Navigating Agency Support

Ongoing Employment Support Needs

Securing on-the-job support might be necessary as the student or youth with disabilities enters a new job or position. Securing on-the-job support for an extended length of time will require planning and problem-solving. As a team, identify potential ongoing supports, yet do not rely on that permanent support to be the service of a paid job coach!

Employment support services funded through Medicaid or by Vocational Rehabilitation agencies are intended to be time-limited. The purpose of these services is to support a person to prepare for a job, locate appropriate employment, transition into the job, learn needed job-specific skills, and other types of initial employment issues that may need to be addressed for successful employment. The length of time that these services are available depends on individual needs. Sometimes this is only weeks. Sometimes months. Occasionally it may stretch to years. However, in most situations, agency services are not ongoing.

Ideally, individuals will require less support as they learn the job, the physical environment, the social environment and other aspects of the workplace. However, there are times when a person will need some level of ongoing support to maintain the desired employment. A frequent concern for students and youth with disabilities is that the agency supports will end before the person is able to navigate the workplace independently. As this is a valid concern, early planning and proactive discussions with a team are critical to identifying a variety of support strategies to address needs as the person enters the job. Review the following Tips for Teams to help develop a plan and locate resources when ongoing employment supports are likely to be needed.

Ongoing Employment Graphic

Tips For When Ongoing Support is Likely

  1. Plan Backwards.

    During the school years, transition teams should come together by age 14 to begin identifying future adult life goals and the skills, knowledge and experiences needed to achieve those goals. This is referred to as ‘Backwards Planning’. This process includes the discussion of resources for ongoing support should it be needed.

  2. Begin Discussions Early.

    As part of the Backwards Planning process, team members should identify the potential need for extended support and raise the concern with the group. Do not wait until the initial support is no longer available. Identify possible strategies that may address the need and potentially lessen the need for extensive ongoing support.

  3. Identify the Need.

    All too often people rush into a discussion of ‘service’ prior to describing the need or barrier to employment. Assure the need has been adequately articulated and then discuss the possible services or supports (formal and informal) that could meet the need. For example: A checklist of supplies to start the day can replace the need of a job coach telling the person what to gather to begin a task.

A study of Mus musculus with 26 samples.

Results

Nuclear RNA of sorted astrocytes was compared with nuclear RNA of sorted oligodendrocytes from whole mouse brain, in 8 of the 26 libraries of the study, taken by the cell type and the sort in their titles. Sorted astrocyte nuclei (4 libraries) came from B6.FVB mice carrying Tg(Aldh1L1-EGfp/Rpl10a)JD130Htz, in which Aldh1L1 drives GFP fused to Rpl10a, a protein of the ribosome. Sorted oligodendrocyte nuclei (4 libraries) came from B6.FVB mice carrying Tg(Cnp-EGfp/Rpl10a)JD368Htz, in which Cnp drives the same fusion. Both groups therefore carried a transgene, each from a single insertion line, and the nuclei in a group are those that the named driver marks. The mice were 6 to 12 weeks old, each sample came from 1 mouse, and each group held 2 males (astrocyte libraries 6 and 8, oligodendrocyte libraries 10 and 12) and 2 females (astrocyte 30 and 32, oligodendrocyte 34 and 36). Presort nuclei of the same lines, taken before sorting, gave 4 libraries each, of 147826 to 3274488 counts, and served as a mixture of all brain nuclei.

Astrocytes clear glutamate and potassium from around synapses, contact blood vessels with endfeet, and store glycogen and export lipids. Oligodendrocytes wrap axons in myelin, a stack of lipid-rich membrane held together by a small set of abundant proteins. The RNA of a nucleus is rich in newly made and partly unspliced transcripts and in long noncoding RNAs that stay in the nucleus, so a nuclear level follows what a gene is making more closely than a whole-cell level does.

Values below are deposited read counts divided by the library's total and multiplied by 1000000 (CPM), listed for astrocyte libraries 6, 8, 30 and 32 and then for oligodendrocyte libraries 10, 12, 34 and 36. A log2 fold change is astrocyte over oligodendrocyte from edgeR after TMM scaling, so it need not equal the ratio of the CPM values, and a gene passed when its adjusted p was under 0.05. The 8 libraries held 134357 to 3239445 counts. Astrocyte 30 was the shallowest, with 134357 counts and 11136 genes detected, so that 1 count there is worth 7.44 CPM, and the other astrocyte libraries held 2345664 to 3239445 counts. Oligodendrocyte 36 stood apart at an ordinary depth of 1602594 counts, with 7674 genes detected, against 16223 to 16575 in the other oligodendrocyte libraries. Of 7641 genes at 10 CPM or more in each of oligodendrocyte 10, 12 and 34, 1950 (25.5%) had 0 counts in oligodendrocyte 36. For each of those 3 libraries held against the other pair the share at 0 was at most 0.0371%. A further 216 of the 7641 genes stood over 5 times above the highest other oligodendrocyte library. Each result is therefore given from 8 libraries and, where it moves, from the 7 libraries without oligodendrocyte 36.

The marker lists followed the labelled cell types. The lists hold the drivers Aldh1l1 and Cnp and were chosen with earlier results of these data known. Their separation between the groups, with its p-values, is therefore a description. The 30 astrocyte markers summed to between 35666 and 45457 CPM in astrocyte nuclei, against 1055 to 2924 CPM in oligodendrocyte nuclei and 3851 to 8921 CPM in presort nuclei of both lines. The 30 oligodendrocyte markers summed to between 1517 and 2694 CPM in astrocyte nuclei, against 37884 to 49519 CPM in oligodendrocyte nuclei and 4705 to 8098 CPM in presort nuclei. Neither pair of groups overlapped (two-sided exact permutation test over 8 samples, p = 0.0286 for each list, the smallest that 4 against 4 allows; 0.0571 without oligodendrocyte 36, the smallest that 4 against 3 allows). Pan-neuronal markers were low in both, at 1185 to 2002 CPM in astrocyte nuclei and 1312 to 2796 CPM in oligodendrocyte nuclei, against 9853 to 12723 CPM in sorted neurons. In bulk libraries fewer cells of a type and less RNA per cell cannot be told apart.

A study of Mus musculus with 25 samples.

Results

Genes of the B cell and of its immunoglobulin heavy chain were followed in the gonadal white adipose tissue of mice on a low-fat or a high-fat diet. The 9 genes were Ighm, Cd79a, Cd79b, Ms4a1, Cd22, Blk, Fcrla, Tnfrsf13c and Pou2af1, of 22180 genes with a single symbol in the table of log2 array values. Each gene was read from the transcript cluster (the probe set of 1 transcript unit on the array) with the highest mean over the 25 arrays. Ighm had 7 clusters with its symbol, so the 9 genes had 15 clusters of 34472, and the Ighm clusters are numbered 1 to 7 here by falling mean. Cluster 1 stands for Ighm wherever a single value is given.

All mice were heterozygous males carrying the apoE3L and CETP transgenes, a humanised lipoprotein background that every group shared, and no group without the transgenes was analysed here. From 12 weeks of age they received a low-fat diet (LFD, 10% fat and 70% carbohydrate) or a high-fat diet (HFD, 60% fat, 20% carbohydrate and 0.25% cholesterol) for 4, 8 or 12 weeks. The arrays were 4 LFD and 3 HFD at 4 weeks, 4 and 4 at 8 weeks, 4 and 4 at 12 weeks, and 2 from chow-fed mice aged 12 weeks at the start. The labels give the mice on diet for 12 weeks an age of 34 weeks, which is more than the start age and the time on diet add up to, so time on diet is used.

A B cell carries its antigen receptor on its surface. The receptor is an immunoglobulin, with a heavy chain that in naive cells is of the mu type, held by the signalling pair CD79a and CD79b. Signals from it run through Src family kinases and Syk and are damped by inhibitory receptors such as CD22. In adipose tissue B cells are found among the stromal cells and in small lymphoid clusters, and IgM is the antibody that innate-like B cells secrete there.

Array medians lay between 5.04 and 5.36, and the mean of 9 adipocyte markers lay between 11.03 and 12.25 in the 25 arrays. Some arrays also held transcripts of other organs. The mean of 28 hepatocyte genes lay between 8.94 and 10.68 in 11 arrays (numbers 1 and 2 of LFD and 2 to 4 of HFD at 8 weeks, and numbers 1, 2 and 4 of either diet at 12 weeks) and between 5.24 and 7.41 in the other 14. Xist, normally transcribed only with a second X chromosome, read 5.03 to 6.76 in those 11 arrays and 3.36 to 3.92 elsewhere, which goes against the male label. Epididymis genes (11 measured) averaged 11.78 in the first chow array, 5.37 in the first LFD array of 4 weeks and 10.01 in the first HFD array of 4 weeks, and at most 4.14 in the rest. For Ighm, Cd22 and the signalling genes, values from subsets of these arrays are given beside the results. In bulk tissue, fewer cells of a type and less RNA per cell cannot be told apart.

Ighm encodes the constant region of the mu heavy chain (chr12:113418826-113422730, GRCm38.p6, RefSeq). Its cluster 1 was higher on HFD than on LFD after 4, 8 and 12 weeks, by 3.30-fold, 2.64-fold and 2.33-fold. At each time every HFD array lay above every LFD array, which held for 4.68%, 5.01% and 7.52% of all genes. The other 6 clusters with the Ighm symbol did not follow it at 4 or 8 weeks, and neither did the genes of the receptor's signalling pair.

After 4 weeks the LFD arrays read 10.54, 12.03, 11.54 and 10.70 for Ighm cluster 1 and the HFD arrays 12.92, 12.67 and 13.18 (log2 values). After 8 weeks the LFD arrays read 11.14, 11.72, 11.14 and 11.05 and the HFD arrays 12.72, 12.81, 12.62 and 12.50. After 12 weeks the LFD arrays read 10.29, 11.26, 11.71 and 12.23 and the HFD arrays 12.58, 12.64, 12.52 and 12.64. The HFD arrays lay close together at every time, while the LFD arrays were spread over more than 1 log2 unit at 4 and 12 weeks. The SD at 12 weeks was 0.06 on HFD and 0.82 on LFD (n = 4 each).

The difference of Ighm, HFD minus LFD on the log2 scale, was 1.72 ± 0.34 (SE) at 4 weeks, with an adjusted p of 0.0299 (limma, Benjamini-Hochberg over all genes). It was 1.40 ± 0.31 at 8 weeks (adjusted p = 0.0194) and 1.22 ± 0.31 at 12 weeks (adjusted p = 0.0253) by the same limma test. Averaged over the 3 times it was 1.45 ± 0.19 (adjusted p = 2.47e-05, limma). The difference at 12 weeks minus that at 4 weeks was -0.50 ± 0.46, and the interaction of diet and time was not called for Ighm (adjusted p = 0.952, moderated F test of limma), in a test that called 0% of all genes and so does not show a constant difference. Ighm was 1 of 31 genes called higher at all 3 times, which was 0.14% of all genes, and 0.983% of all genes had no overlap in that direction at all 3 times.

4. Explore All Possibilities.

    The answer to a need may have multiple solutions. Some support may come from a formal agency service while another strategy may be more informal in nature. For example, for the individual to remember how to navigate the social environment of the workplace, the formal service may include the agency job coach, however a co-worker may be added as a trusted colleague to offer gentle reminders and options.

  5. Consider Technology.

    Support options in the future are growing due to the ever-expanding opportunities available through advances in technology. For example, training the individual to use technology may be a viable alternative to a job coach offering direction. Use of Facetime for virtual job coaching may be effective. Using an app on a Smartphone to set reminders may be used in place of the prompts and direction of a job coach (or other person).

Agency Services for Long-Term Employment Support

Agencies services for employment are not intended to be a lifelong service. In addition, most agencies are not able to offer support for all people. Individuals must first apply for agency support and be found eligible in order to receive services. Opportunities for Ohioans with Disabilities (OOD) focuses solely on supporting people to achieve employment by providing access to a variety of employment services and support; however, these services are intended to be time-limited. Ohio Job and Family Services (ODJFS) offers employment assistance that can serve a large population of citizens; however, the range of services and length of time available are limited. Even the employment services from a Medicaid Waiver accessed through a County Board of Developmental Disabilities (CBDD) has limitations.

Individuals and families should expect decisions about service to be made with the agencies in a person centered planning (PCP) process. Within the PCP process, the team strives to determine how much support, what type of support and the length of time that will meet the need and lead to employment success. It is most helpful to bring meaningful data and information to the discussion in order to help the team make decisions. In some situations, agency services may be able to meet some, but not all, of the need. Additional resources may be necessary which again underscores the importance of beginning early and thinking innovatively about how needs can be met when an individual may require ongoing support.